By Claudene Wharton
The "graduates" who will be seen on the Quad of the University of Nevada, Reno on Aug. 18 may seem a little young.
The 240 fourth-, fifth- and sixth-graders from the Boys & Girls Club of Truckee Meadows have been shown a slice of University life this summer through the University's Campus Kids program. Groups of 40 children spent a week on campus, Monday through Thursday, 9 a.m. - 1 p.m., being supervised and mentored by college-student mentors and Boys & Girls Club teen leaders from similar backgrounds. The program is running for six weeks, and culminates in the graduation ceremony at 5:30 p.m., Aug. 18.
The goal of the program is to reach out to children at a young age to let them know that regardless of their families' incomes, "they have the right, the means and the intelligence to go to college if they work hard," according to Kathy Carrico, the University's Campus Kids Summer Youth Program director.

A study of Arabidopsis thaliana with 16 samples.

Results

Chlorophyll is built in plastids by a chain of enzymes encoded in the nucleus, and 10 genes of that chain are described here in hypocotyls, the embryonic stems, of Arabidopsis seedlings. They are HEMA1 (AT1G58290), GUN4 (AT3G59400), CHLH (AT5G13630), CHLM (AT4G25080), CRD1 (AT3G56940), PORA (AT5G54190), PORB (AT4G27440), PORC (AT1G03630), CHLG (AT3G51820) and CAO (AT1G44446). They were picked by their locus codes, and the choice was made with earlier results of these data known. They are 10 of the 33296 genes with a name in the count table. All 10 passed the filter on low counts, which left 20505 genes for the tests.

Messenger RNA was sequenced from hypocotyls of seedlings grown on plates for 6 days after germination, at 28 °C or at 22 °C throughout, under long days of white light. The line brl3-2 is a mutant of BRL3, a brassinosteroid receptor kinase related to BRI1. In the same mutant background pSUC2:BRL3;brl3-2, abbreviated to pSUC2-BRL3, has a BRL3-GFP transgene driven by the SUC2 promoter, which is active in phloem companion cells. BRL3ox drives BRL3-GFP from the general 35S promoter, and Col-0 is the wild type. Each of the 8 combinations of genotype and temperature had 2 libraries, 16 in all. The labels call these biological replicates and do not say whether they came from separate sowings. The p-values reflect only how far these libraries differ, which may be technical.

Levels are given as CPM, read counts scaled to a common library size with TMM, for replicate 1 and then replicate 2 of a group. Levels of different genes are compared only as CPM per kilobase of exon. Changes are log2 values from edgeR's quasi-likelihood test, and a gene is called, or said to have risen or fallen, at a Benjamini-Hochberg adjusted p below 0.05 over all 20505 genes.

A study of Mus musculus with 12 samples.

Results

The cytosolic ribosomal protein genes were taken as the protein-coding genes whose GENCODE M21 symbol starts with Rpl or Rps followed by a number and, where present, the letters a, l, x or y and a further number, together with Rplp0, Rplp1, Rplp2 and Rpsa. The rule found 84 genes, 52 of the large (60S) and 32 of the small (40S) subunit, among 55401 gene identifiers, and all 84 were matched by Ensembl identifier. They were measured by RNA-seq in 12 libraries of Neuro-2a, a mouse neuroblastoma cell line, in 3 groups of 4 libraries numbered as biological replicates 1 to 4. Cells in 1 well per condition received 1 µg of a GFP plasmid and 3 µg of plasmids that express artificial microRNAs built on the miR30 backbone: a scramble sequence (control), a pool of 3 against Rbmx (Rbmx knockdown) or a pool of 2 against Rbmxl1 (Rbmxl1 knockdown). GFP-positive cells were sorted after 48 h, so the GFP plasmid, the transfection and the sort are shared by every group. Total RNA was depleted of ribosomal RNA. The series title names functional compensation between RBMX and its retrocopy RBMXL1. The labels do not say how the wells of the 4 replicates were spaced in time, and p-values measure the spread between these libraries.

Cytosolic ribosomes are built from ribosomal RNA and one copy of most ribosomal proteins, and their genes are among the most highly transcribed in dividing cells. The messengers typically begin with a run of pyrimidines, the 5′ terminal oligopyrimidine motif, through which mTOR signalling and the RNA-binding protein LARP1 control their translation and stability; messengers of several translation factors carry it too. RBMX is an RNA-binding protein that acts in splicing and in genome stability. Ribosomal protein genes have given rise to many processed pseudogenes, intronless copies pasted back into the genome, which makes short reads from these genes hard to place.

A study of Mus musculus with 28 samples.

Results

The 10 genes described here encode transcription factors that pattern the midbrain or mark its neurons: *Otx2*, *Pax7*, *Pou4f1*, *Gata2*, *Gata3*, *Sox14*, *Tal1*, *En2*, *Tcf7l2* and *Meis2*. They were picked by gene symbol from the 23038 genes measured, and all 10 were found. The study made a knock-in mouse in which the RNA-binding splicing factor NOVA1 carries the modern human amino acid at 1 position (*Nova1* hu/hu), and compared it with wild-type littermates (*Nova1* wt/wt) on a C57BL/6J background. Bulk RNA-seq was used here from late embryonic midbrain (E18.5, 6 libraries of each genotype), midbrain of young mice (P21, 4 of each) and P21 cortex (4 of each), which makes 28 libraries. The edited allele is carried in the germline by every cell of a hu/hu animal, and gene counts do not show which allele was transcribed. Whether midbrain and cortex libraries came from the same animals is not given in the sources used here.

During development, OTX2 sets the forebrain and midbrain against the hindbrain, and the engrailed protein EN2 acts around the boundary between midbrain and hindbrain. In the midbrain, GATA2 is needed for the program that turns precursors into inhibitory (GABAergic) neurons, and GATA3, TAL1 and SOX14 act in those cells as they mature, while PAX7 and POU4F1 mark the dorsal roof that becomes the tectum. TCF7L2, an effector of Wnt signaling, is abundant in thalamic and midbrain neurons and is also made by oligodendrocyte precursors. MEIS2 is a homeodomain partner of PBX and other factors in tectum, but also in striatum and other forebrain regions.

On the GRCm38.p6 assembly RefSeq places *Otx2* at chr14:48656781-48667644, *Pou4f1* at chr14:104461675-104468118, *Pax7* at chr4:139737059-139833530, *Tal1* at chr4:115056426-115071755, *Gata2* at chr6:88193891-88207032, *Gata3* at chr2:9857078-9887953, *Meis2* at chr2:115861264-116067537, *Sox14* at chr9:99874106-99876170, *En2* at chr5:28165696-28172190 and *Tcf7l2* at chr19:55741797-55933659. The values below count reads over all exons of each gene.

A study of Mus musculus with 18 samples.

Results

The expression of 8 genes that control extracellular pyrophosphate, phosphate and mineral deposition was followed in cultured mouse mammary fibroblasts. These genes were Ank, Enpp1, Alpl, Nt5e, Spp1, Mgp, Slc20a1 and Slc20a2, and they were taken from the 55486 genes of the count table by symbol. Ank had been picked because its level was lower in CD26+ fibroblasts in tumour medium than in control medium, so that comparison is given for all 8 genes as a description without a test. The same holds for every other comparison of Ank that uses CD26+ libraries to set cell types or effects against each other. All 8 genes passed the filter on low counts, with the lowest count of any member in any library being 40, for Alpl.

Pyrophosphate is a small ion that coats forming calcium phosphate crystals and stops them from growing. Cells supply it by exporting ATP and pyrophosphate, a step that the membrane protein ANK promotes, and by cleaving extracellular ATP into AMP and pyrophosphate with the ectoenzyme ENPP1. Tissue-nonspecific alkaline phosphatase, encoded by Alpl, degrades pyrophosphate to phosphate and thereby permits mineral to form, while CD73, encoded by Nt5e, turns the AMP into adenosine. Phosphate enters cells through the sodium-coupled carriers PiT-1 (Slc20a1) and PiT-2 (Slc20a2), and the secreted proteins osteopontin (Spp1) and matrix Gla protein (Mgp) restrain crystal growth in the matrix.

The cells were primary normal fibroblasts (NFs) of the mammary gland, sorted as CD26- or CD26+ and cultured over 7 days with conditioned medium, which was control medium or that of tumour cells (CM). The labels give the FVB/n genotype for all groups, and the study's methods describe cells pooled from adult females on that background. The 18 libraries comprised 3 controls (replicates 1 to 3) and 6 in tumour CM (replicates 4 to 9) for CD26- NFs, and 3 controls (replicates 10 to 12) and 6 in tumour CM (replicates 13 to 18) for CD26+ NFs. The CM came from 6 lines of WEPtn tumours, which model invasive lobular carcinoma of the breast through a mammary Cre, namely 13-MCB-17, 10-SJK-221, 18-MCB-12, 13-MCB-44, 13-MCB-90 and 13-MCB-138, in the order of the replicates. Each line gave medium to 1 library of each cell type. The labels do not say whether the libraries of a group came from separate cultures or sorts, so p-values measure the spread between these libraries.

Nevada is 49th in the nation for college participation for students from low-income families.
The kids in the program participate in a variety of tours, activities and discussions. They stop and write in their journals and take photos as they explore the campus. Their week culminates with running a lemonade stand on Thursday at lunchtime. But, before they set up shop, they have two entrepreneurial-learning sessions with University economics professor Mark Pingle. He guides them through a computer program, "Lemonade Tycoon," where they learn about components of running a business, such as product quality, sales, customer service, pricing and location.
Fourth-grader Daizy who participated in the program said she really wants to go to college and maybe become a doctor. She said she's also learned a lot about different cultures and that "it's really important to watch what you do and be healthy - 'get education, not vegetation,'" which is a theme for the program.
The mentors say that by the end of the week, many of the kids are talking about going to college, so they think the program is having an effect on them.
Sixth-grader Chris Liu said at the end of his week, "I like going to college. I want to get a good job and be a scientist. I'd like to work hard and get a scholarship. All the staff here tells us about the opportunity. They say going to college is a choice."
The program was made possible by a grant of new stimulus funds from Nevada Works, and with the assistance of the Boys & Girls Club of Truckee Meadows, a partner in the program with the College of Business' Small Business Development Center.